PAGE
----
Patrick McDade, running as a Republican in the race for Robert Horan‘s commonwealth’s attorney seat, has demanded Democratic opponent Raymond Morrogh, Horan’s chief deputy since 1988, come clean about the prosecutorial decisions made by county officials in the Steve Cornejo killing.
“If you’re going to be dealing with the public as a public official, one of the responsibilites you have is to explain charging decisions to the public,” says McDade.
Cornejo was unarmed when he was beaten and shot in the back by a stranger named Brandon Paul Gotwalt in the courtyard of a Fair Oaks apartment complex in June 2005.
Gotwalt was never arrested in the killing, and even before the corpse was cold Horan began mounting a very public and ultimately bogus defense of the shooter, telling local media that Gotwalt was only being a good Samaritan who had prevented a drunk Cornejo from beating a woman, and that Gotwalt only used the gun in self-defense. Horan, known as a hardball law-and-order man in his several decades in power, took the odd (for him) step of not making any recommendation to indict when the case was presented to a grand jury. No witnesss to the killing testified before the grand jury, and no indictment was returned.
Horan’s failure to prosecute Gotwalt has looked almost criminal ever since Cornejo’s survivors sued Gotwalt for wrongful death in Fairfax County civil court. The plaintiffs won a verdict against Gotwalt of $1.96 million for the killing, plus $15,588 for funeral expenses.
Testimony in the civil case was devastating. Though Horan had insisted to Cornejo’s family members that nobody had seen the killing, two men in separate apartments heard Cornejo yelling, “Why are you trying to take my life?” as Gotwalt beat him in the head with the .38 caliber pistol, just before shooting him in the back. Evidence at the civil trial showed that there was no basis in fact to Horan’s version of Gotwalt as Good Samaritan: There was no woman being assaulted when Gotwalt encountered Cornejo. There wasn’t even a woman on the scene.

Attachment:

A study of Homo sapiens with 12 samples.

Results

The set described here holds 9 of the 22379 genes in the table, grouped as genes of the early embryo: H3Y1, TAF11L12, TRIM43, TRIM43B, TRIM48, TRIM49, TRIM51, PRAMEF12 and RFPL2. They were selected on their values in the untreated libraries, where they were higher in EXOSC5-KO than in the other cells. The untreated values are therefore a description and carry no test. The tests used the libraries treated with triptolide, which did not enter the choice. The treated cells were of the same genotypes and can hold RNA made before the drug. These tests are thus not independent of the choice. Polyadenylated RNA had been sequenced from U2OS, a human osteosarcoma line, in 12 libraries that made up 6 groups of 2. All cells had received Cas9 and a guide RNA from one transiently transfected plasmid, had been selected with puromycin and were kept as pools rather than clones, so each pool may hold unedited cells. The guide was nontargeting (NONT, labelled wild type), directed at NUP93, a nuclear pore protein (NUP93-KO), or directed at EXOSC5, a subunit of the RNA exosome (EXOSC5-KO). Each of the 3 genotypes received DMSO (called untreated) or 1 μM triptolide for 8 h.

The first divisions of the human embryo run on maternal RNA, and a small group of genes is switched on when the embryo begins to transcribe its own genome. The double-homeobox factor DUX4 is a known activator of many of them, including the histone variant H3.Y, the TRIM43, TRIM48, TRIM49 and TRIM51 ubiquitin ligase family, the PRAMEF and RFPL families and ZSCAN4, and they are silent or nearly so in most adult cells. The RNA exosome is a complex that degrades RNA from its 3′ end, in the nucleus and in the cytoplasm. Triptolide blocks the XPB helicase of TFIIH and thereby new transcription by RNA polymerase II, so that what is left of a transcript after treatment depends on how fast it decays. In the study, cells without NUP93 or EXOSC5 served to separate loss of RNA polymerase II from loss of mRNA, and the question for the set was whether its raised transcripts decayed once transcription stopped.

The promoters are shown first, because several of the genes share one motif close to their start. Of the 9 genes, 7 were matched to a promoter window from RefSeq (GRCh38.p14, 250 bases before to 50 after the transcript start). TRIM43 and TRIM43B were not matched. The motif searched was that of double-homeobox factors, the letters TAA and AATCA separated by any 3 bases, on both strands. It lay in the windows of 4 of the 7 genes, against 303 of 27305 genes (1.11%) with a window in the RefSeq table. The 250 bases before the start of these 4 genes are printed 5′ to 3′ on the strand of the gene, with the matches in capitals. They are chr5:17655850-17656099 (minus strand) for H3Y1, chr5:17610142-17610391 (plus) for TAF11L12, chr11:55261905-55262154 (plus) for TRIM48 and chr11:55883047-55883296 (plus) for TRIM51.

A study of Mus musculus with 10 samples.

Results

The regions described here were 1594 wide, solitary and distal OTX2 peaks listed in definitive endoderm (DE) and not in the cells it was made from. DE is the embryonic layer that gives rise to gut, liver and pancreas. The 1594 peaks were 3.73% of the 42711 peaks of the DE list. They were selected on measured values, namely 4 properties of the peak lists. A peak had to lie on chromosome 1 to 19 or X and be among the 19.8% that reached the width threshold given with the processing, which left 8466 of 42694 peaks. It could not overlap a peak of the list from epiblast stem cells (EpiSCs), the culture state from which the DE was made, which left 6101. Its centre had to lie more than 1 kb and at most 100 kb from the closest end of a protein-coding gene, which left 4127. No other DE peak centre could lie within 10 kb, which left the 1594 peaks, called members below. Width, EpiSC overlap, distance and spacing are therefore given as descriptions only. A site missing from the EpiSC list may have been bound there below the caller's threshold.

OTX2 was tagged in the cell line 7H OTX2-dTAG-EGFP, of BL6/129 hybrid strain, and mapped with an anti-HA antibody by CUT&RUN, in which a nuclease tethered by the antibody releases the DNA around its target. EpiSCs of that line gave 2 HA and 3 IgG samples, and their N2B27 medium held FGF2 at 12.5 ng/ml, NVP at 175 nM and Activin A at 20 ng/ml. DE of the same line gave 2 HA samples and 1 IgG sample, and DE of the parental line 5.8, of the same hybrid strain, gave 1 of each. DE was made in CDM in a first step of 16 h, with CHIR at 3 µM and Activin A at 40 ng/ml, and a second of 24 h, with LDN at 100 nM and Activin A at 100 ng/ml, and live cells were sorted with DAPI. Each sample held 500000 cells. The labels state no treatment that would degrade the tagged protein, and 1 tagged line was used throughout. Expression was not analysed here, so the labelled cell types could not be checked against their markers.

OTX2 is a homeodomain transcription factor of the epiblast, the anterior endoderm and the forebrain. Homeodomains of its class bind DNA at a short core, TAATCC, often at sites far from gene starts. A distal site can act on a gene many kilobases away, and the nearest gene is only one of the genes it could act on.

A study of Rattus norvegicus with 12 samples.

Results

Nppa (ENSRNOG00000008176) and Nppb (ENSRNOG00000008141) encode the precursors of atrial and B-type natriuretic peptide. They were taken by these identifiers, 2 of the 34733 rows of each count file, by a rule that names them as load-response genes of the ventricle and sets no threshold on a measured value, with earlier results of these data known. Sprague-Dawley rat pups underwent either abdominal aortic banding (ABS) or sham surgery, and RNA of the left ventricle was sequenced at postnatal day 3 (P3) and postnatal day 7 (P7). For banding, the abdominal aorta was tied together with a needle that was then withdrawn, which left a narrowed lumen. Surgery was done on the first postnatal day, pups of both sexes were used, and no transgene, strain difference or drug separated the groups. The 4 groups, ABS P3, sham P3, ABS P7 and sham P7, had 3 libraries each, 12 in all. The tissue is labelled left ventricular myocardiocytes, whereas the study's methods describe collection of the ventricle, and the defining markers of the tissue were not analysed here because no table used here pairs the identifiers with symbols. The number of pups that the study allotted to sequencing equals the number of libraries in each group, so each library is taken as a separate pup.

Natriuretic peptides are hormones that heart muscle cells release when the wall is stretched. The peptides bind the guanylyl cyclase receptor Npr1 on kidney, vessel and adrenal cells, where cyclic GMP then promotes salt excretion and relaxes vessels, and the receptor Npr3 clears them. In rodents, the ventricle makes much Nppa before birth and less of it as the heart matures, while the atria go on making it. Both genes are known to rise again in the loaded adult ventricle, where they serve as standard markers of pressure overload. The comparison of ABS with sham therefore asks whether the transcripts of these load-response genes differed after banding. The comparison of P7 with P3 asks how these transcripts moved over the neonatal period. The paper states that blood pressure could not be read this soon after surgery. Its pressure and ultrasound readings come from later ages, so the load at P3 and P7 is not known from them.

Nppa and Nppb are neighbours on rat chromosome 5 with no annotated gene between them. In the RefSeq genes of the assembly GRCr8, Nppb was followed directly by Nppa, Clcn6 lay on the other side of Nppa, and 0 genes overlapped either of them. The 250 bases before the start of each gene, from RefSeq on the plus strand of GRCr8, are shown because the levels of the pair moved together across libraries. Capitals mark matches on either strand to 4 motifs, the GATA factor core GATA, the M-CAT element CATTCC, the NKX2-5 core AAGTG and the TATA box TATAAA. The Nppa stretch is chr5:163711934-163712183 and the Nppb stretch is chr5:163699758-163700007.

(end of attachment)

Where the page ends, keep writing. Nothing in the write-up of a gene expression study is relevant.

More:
And there’s more to damn both Horan and Gotwalt: At trial, it came out that Gotwalt had been out drinking the night of the attack, and, as Cornejo lay dying and police began investigating the shooting, Gotwalt was just above the courtyard in his apartment, busy destroying evidence. Gotwalt ripped his bloody shirt into pieces and flushed it down the toilet. He got his girlfriend, the owner of the murder weapon, to wash his other bloody clothes. He hid unspent shells from the gun in her jewelry box and flushed the spent shell casing. He also lied to police when they came knocking on his door looking for clues. His involvement came to light only when he returned to the scene to retrieve his glasses. Police never arrested him.
After the civil trial verdict came in, anecdotal evidence began coming out about Gotwalt being a bizarre and dangerous figure. One blogger said he had personally heard Gotwalt brag about the killing in the midst of committing another physical assault at a party. A poster
on washingtonpost.com told of being the victim of a drunken Gotwalt assault.
After the trial, Horan told me his office would take another look at the Cornejo case. But he retired without ever commenting on the investigation again. McDade says he, like pretty much everybody else outside the county police department and Horan’s office, has not had access to the Cornejo files. Morrogh, however, has had that access. So while he’s not yet demanding a prosecution of Gotwalt, McDade feels justified in requesting that Morrogh, being so close to Horan throughout the investigation, give the voters an explanation of the prosecutor’s conduct.
“There’s obviously been ample time since the jury returned an extremely large verdict for Fairfax County,” says McDade. “I think it’s inappropriate at this point and time that they are still refusing to make any sort of public comment,even though both community leaders and the public are seeking an answer.”